Vanessa Garcia was just one would-be homeowner against an army of property investors.
The 24-year-old Burien woman searched for a home for eight months with her real estate agent, Vicki Angus. She was outbid time and time again.
One home was listed at $119,000. Garcia offered $135,000 but lost out to someone who offered $180,000.
As the real estate market recovered, investors snapped up the cheap homes, said Glenn Crellin, associate director for research at the Runstad Center for Real Estate Studies at the University of Washington. He sees a lot more homes bought with cash, a clear indication that an investor, not a homeowner, bought the property.
A single mother pregnant with her third child, Garcia had a tight budget and an even tighter deadline. She was due to deliver in the fall, and she wanted to be in her own home by then.
After months of frustration, Garcia’s real estate agent recommended Homestead Community Land Trust, which had a house available in West Seattle that suited her family.
It’s a fixer-upper. Asbestos paneling runs along the base of the house outdoors, the walls haven’t been painted in decades, and one bedroom carpet is worn down to the mesh.
But Homestead Community Land Trust will make $90,000 in repairs in the home within three months.
It’s not your ordinary home sale. Garcia is buying the house, but Homestead will own the land underneath it. Over time, Garcia will build equity (the accumulation of her payments on the house) and gain a consistent but modest increase in the value of her home.
The 24-year-old bookkeeper, who now rents an apartment in Burien for $900 a month, will end up paying a mortgage of $800 a month on the home’s $130,000 selling price.
Community land trusts, which originated in India, have been in the United States for decades but have grown over the past 20 years. The economic downturn, with its abundance of foreclosures, has spurred their expansion.
In Seattle, community land trusts have gotten new help from the government. The city has provided a $1.2 million line of credit to Homestead plus $50,000 per family for repairs through an affordable housing levy passed in 2007.
With that funding, Homestead purchased 12 homes from foreclosures and short sales. Half of those are almost ready for families, and the rest await repairs so they can be sold to families like Garcia’s, who make less than $65,000 a year.
The community land trusts helped Garcia become a homeowner now, not someone who can cash in later.
“We’re trying to bring some sanity back to home ownership not as a savings account or money market account, but as a home,” said Erika Malone, spokesperson for Homestead.
Homestead allows the 140 homes it manages to appreciate at 1.5 percent a year. That means the home value won’t skyrocket in value, but it won’t plummet either.
When Garcia is ready to sell, she gets the equity and modest growth and sells the home to another first-time buyer at an affordable price.
Foreclosures stand to fuel the growth of community land trusts. It’s something Crellin has been anticipating.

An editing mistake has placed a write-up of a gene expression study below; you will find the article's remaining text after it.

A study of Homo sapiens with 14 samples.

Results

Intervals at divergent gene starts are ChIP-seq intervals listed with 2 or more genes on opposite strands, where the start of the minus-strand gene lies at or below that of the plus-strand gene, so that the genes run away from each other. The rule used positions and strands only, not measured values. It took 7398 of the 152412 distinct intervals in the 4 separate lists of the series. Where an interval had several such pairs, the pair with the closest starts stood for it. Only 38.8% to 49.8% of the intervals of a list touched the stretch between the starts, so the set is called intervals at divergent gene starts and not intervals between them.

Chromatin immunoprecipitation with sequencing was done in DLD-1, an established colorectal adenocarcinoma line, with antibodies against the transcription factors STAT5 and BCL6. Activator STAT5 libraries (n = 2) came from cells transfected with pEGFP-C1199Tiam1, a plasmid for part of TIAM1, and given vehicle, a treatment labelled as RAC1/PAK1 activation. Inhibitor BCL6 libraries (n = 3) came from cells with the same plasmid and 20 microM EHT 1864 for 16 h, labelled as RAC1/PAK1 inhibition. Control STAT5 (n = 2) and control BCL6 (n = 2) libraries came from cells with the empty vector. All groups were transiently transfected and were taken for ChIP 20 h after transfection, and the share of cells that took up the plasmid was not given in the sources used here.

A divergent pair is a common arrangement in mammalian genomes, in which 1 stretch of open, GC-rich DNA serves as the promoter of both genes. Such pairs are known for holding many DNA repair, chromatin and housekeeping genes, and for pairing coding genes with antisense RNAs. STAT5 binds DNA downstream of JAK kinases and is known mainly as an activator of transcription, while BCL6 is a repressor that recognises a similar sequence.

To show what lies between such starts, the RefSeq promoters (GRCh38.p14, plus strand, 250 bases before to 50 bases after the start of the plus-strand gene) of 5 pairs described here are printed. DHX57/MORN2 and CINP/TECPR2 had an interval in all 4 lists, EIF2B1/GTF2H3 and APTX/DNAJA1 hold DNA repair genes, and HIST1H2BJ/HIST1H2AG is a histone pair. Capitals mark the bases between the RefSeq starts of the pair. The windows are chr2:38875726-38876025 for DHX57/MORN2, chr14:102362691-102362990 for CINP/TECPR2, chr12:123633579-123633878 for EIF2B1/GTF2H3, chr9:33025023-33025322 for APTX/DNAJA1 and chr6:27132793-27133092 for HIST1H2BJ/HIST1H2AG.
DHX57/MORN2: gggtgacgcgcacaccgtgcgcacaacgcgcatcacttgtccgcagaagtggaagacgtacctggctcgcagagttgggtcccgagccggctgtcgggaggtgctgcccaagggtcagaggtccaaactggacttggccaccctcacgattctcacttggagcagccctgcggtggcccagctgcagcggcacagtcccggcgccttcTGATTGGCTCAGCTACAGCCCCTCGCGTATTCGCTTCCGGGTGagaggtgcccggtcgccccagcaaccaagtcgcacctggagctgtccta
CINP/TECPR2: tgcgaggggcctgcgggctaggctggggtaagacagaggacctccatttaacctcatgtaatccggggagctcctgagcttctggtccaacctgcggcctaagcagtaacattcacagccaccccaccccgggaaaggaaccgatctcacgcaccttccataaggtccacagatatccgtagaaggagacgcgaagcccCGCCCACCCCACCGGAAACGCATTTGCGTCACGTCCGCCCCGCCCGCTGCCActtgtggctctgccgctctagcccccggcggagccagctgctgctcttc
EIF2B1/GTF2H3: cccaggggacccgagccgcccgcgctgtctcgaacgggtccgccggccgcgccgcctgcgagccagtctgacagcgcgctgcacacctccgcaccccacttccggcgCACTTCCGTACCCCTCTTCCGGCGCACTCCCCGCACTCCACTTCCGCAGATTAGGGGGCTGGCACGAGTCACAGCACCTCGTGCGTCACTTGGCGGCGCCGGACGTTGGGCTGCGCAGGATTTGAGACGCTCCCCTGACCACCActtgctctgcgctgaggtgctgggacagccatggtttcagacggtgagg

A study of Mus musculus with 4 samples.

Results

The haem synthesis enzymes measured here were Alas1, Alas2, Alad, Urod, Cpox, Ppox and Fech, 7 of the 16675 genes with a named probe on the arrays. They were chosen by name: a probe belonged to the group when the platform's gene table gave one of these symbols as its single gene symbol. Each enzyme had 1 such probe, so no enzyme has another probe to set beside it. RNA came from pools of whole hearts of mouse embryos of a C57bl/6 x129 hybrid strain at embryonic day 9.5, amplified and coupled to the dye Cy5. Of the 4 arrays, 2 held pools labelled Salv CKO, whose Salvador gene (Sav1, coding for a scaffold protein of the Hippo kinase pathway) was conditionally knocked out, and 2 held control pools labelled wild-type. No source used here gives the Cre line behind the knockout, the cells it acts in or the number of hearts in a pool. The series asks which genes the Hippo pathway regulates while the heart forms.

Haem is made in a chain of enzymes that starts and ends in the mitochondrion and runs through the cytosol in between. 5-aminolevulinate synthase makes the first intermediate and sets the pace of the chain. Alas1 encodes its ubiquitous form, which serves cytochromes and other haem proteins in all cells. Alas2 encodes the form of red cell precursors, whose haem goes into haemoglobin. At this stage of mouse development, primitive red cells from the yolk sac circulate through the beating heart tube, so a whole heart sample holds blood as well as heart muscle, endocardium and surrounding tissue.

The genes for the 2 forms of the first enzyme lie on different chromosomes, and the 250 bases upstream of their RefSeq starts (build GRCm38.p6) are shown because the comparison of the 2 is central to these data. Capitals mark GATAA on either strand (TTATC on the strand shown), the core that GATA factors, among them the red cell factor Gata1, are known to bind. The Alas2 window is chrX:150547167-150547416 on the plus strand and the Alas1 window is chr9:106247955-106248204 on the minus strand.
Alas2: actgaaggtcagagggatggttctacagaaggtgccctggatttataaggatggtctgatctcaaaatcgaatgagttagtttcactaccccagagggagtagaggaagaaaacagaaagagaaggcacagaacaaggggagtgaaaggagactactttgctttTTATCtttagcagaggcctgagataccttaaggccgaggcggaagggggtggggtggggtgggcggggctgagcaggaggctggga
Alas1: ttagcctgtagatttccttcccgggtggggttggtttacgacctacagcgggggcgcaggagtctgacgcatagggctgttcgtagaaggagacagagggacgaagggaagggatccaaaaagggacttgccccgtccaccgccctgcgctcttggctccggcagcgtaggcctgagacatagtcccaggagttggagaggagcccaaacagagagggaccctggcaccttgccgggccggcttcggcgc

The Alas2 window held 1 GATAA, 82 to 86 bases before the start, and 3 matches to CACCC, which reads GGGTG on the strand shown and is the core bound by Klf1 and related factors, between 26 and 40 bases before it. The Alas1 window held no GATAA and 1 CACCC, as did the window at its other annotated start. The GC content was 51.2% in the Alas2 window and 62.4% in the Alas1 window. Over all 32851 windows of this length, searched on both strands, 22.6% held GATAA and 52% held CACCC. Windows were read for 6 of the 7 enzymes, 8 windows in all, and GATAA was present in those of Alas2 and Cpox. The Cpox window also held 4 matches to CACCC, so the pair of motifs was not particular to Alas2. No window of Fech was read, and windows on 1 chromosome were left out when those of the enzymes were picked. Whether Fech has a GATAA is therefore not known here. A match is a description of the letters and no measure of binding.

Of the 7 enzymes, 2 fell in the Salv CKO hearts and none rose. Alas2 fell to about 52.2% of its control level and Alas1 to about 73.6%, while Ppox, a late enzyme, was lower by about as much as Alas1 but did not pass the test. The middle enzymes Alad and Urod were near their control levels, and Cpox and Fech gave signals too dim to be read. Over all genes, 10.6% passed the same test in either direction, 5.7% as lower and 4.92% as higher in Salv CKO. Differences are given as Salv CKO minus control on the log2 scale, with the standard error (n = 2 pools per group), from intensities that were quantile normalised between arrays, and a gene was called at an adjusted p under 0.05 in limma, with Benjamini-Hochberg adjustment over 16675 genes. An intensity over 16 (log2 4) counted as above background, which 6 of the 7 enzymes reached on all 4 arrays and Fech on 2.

Up until now, community land trusts “haven’t had the investors behind them or the resources to take on more than one or two properties at a time,” Crellin said.
The down economy provides community land trusts with the opportunity to expand their housing stock, he said. With this financial backing, community land trusts become investors themselves.
Community land trusts also stand to gain from the legal fight against the banks that contributed to the foreclosure crisis. In February, 49 state attorneys general won a $25 billion settlement from JP Morgan Chase, Bank of America, Wells Fargo, Citigroup and Ally Financial. Washington will receive $618 million, of which $43 million is meant to go foreclosure relief.
Foreclosure relief isn’t necessarily direct aid, though. Community land trusts have little to offer families experiencing foreclosure because the trusts require banks willing to make a loan. By the time homeowners face a short sale or foreclosure, they lack the resources to become homeowners again, at least for a time.
“There still has to be a mortgage, which involves credit checks,” Crellin said, adding, “Credit repair takes a while.”
Community land trusts benefit people with stable incomes; they are not an answer to homeowners facing foreclosures. Their advantage comes largely to first-time buyers, who in some cases, benefit as a result of foreclosure. Most of the 12 houses Homestead has purchased in the last year came from families who could no longer afford to pay for them.
At Vanessa Garcia’s new place on Southwest Portland Street, this notion hits home.
Garcia wandered through the dining room, which still held a table and chairs with faux leather cushions held together with masking tape. Just a few months ago, an elderly couple lived here, but when they couldn’t manage the mortgage, they did a short sale, said Lindsey Sargent, Homestead’s homeownership program director.
Standing in the dining room of the foreclosed home, Sargent paused, and acknowledged Garcia’s new house was made possible by an elderly couple who could not afford to keep living there.
“Houses like this are the hardest,” she said.